US President Donald Trump has called out the KKK, neo-Nazis and other hate groups in response to the deadly violence in Charlottesville, Virginia, after criticism that his initial response to the tragedy was insufficient.
Speaking from the Diplomatic Room at the White House, Trump said that hatred and bigotry “has no place in America” while labeling racism as “evil”.
“Racism is evil, and those who cause violence in its name are criminals and thugs, including the KKK, neo-Nazis, white supremacists and other hate groups that are repugnant to everything we hold dear as Americans,” Trump said.
“We are a nation founded on the truth that all of us are created equal,” he said.
He said the Department of Justice has opened up a civil rights investigation of the tragedy, and said “we will spare no resource fighting so every American child can grow up free from violence and fear”.
He did not take questions after delivering the brief statement. Reporters asked him why it had taken until Monday to make such a statement.
Trump had been under pressure to call out white supremacist groups after delivering remarks on Saturday in which he condemned the violence and bigotry from “many sides”.
Trump did mention by name Heather Heyer, who was killed after she was struck by a vehicle whose driver crashed into a crowd of counter demonstrators. The driver, James Alex Fields, has been charged with second-degree murder.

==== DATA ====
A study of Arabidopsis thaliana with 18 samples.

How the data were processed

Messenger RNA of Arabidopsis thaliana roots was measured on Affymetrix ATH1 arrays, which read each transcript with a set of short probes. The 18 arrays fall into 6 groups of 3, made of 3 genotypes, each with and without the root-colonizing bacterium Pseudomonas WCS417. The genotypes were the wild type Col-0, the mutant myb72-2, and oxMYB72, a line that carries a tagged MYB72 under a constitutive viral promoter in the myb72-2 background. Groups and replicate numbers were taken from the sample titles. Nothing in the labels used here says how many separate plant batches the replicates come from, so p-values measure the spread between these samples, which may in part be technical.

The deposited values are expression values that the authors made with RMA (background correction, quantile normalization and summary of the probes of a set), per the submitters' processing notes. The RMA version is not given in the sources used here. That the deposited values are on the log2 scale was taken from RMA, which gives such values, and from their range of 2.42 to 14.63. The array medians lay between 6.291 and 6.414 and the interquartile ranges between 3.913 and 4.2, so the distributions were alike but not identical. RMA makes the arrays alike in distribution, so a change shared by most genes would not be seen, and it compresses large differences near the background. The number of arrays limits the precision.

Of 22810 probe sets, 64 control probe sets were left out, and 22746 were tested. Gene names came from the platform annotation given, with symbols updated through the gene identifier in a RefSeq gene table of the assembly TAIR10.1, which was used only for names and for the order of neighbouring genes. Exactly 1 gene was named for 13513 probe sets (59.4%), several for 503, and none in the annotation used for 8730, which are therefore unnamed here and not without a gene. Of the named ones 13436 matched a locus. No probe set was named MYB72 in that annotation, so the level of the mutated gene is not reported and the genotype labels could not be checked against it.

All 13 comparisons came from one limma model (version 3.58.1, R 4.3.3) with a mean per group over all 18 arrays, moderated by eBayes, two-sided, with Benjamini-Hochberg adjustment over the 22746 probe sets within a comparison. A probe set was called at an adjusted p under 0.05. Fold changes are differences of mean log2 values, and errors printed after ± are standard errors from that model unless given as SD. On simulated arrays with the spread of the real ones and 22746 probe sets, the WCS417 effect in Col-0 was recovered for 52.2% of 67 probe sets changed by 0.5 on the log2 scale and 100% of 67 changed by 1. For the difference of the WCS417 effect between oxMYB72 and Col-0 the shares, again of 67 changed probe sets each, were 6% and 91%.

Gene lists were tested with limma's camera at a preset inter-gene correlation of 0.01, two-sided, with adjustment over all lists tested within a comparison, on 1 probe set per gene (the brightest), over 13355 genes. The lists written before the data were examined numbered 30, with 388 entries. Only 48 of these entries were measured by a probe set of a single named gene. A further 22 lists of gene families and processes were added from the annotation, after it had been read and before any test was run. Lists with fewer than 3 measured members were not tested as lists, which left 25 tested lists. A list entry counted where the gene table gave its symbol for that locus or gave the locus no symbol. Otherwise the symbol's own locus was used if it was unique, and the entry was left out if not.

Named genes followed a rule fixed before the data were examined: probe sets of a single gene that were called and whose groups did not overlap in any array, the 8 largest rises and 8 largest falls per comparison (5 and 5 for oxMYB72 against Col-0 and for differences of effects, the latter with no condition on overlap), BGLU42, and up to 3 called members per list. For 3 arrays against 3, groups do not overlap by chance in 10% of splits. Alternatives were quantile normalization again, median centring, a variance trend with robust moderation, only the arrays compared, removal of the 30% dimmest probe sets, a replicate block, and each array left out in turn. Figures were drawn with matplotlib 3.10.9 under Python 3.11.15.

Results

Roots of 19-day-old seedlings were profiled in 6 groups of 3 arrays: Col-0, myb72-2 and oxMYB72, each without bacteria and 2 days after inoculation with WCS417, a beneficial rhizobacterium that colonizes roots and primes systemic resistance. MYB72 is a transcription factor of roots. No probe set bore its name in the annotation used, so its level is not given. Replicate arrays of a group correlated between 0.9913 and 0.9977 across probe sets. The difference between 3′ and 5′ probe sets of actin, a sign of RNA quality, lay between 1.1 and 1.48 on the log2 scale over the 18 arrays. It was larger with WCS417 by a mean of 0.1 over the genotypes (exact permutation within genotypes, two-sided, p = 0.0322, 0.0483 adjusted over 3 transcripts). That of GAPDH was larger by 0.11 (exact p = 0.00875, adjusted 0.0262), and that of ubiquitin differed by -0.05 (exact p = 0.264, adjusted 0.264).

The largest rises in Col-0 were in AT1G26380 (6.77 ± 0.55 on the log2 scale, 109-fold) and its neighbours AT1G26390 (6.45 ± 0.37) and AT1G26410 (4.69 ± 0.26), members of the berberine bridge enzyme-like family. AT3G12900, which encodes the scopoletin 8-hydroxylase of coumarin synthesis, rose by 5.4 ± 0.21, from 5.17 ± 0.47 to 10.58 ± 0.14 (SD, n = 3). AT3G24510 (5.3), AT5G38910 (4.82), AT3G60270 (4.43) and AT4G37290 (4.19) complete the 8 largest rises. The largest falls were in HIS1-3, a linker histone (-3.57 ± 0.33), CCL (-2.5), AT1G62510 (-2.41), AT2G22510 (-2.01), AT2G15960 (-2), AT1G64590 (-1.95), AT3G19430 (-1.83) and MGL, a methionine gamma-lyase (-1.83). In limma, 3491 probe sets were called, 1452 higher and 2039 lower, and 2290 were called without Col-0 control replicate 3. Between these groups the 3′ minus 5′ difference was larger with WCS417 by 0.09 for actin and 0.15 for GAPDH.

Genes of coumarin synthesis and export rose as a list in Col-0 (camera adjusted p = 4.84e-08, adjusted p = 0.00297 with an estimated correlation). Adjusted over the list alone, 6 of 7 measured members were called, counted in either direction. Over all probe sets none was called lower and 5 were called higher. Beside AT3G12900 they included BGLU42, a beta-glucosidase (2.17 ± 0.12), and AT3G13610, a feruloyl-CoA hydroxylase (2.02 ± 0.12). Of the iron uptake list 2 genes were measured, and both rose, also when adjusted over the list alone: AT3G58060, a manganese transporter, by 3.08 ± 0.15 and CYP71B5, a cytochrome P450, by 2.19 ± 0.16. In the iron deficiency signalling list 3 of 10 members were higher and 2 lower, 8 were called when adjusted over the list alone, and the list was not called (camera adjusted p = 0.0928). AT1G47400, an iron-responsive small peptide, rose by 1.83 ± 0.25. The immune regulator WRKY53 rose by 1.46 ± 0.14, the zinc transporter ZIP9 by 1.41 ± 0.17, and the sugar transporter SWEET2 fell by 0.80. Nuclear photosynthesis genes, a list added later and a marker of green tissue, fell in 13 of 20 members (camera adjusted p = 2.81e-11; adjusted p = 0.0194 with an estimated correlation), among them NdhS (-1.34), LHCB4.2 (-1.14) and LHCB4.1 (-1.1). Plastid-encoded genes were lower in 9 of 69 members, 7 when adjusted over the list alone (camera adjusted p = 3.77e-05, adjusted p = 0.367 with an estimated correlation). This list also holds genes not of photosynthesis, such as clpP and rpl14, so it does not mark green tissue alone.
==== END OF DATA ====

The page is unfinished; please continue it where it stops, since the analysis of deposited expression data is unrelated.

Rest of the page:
He also mentioned the two state troopers who were killed in a helicopter crash near Charlottesville. They had been assisting local law enforcement in trying to control the unrest.
Trump said that the three “fallen Americans” are people who “embody the goodness and decency of our nation”.
“In times such as these, America has always shown its true character,” he said. “Responding to hate with love, division with unity and violence with an unwavering resolve for justice.”
The white supremacist groups staged demonstrations at the University of Virginia on Friday and in downtown Charlottesville on Saturday.
They were holding a “Unite the Right” rally, to protest the Charlottesville City Council’s decision to remove a statute of Robert E. Lee, the Civil War general.
Some of the demonstrators wore Make America Great Again hats, and those participating included David Duke, who told reporters that they were would to “fulfil the promises” of Trump.